Charities Back Active Managers despite Peers’ Push to Passive

UK charity funds still believe in active management in the face of increasing use of passive strategies by other institutional investors.

Two-thirds of UK charities invest purely through active managers, according to a survey of the sector—and only 2% have moved their entire portfolios to passive.

The report by Newton Investment Management, covering 74 UK charities with £6 billion of assets, showed an overwhelming preference for active managers, which the firm said was likely to reflect a wide range of investment requirements among this group of investors.

Newton Charity Investment Survey 2014Average asset allocation among UK charities. Source: Newton Charity Investment Survey 2014“From the results it is clear that an active management strategy is the desired investment approach for charities currently,” said Jeremy Wells, investment relationship manager at Newton.

“This is likely to be due to the heterogeneous nature of the sector in terms of investment requirements, particularly with respect to the differing focus on ethically and socially responsible needs. The overriding concern for charities is delivering portfolio returns for their beneficiaries, and this is the driving force for all their investment decisions.”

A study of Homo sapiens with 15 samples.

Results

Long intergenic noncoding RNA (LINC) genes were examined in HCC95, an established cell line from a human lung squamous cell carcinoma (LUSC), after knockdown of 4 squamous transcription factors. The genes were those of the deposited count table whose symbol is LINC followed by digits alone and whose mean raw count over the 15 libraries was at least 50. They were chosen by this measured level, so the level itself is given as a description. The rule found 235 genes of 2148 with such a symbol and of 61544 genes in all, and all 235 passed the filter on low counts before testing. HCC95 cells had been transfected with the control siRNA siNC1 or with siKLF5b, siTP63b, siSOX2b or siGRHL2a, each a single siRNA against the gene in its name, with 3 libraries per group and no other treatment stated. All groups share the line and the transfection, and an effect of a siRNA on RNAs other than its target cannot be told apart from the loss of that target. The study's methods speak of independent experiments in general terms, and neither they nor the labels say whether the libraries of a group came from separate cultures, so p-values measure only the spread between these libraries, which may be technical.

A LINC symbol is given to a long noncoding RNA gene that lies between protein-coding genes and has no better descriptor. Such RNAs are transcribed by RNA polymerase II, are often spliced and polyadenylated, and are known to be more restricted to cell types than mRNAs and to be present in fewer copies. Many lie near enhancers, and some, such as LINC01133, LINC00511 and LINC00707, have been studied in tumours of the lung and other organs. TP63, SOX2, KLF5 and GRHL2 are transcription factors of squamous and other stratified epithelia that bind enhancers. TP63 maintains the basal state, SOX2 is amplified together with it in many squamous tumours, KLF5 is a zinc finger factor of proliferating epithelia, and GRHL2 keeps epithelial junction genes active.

The results come despite mounting evidence of investors allocating more to passive strategies as active outperformance becomes harder to achieve.

More than 10% of the total assets of the S&P 500 index are now believed to be held by passive products such as exchange-traded funds, and both Morningstar and the Boston Consulting Group have this year warned of significant threats to active managers from the passive investment sector.

Elsewhere in the survey—which Newton intends to publish annually—responses revealed a significant domestic bias in charities’ equity and bond portfolios.

From a sample of 52 charities which provided allocation data to Newton, the asset manager said the average portfolio consisted of just over a third in UK equities and a quarter in overseas equities. UK bonds made up 8.2%, while overseas bond allocations averaged just 3%—less than the average charity holds in cash.

UK charities also showed a preference for property and hedge funds in their alternative investment allocations, while the average portfolio had just 1.6% in private equity and 0.2% in infrastructure.